Why creatives quit and what you can do about it

They say that people quit bosses, they don’t quit jobs and this is mostly true. But leading and working as a creative comes with its own set of challenges that can drive people to leave your team or for you to find a new job. In this episode, we will look at some of those unique challenges, what you can do about it as a leader or as an employee, and that are 4 questions you need to ask before you change jobs.


In this episode I want to tackle another one of those topics many people find a little taboo or difficult to talk about – why creatives quit. Some of the reasons are the same ones for people in any job, but there are also specific things that will drive them away. For most of us it may be a slow burn and not just one thing that finally pushes us over the edge.

If you are a creative leader then you need to listen to this episode to see if you are guilty of any of these and I will give you some things you can do to try and fix it. If you are an employee then I hope this episode will help give you a map of the things you need to look out for. And we will also talk about some of the things you need to think about before you quit your job.

The basics

Not to give away the ending before we start but people quit bosses – they don’t quit jobs. More than half the people who leave their jobs do so because of their relationship with their boss. As we have talked about before, creatives and different than everyone else and so the reasons why they quit are sometimes different from everyone else – but some time they are exactly the same as everyone else.

Common reasons creative quit

Creatives don’t see their work getting better

Designers want to know that the work they do tomorrow will be better than the work they do today.

What to do about it:

Leaders don’t defend the work or their team

They throw the team under the bus, say yes to everything or betray what was agreed to by everyone.

What to do about it:

Leaders don’t care about their people

Bosses who don’t genuinely care about their people will always have high turnover rates. It’s impossible to work for someone for eight-plus hours a day when they aren’t personally involved and don’t care about anything other than your output.

What to do about it:

Leaders aren’t honest with their teams

Creativity is subjective and a lot of work so nothing is worse than not hearing what people really think so you can solve those new problems in your work.

What to do about it:

Leaders don’t show creatives how they fit into the big picture

It may seem efficient to simply send employees assignments and move on, but leaving out the big picture is a deal breaker for creatives. Creatives shoulder heavier loads because they genuinely care about their work, so their work must have a purpose. When they don’t know what that is, they feel alienated and aimless. When they aren’t given a purpose, they find one elsewhere.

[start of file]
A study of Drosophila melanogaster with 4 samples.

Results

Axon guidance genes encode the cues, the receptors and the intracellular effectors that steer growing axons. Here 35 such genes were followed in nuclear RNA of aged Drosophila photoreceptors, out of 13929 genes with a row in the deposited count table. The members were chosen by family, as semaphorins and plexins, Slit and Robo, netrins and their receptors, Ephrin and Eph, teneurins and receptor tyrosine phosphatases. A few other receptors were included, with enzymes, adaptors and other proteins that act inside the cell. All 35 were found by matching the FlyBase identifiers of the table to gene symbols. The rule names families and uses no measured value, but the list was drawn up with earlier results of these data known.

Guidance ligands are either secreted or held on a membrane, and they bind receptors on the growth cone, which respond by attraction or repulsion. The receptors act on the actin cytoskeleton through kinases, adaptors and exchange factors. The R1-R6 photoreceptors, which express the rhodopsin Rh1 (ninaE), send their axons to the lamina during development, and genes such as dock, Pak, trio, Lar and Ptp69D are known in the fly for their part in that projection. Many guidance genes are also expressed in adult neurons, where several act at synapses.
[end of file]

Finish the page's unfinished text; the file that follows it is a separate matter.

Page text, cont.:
What to do about it:

Leaders tolerates poor performance

When you permit weak links to exist without consequence, they drag everyone else down, especially your top performers.

What to do about it:

Leaders don’t give any autonomy or independence

You are micromanaged or your boss doesn’t make it clear when you are in charge.

What to do about it:

Leaders don’t create a culture

Culture isn’t just going out for drinks now and again after work. It is have a clear sense of what your team stands for, what purpose they are working towards and clearing defining where people fit into it.

What to do about it:

Creatives don’t see their work being used or launching

Creatives are an interesting bunch because they can really inspired to do great things. But there is also a danger there because if they go to long and they don’t see their ideas turning into reality then all that inspiration will quickly turn to frustration. Ideas are great but creatives want to see them actually go out into the world.

What to do about it:

4 questions before you quit

This is not my content – its came from a 99u article by Paul Jun

Question 1: Who will I become if I take this opportunity?

The question behind the question is about understanding what kind of decision you’re about to make and the path it’s putting you on. Are you taking this next opportunity because of the pay or because working at that company will shape you into the person you want to become?

Question 2: What is the opportunity cost of this opportunity?

Opportunity costs are everywhere, and sometimes they’re hard to measure especially when you’re in the middle of career crossroads.

Question 3: What sacrifices do I need to make if I take this opportunity?

Let’s say the options in front of you are glowing with potential—they demand your skills, the organization has a wonderful culture, and the role will challenge and push you to learn. But… you need to move across the country, make new friends, and pay double the rent.

When we laser-focus on the short-term discomfort, we willfully ignore the long-term gains. Challenging your biggest comfort zone and making difficult sacrifices is simply a part of life.

The goal is to be clear that these sacrifices, this decision, is the best possible route that will build the career and life you desire to lead. It’s hard to leave friends and family, the hometown which shaped you.

Question 4: Is it worth it?

Once you have an idea of who you will become and the opportunity cost of this next endeavor, you need to ask the grand question: Is it worth it?
You need to make a decision tree. A decision tree helps you see the consequences of your decision, the cost of resources, and chance events that may get in your way. It’s about being unmistakably clear about the decision you’re going to make so that (almost) nothing comes as a surprise.
You’re essentially asking yourself, If I take this route, where will this road take me?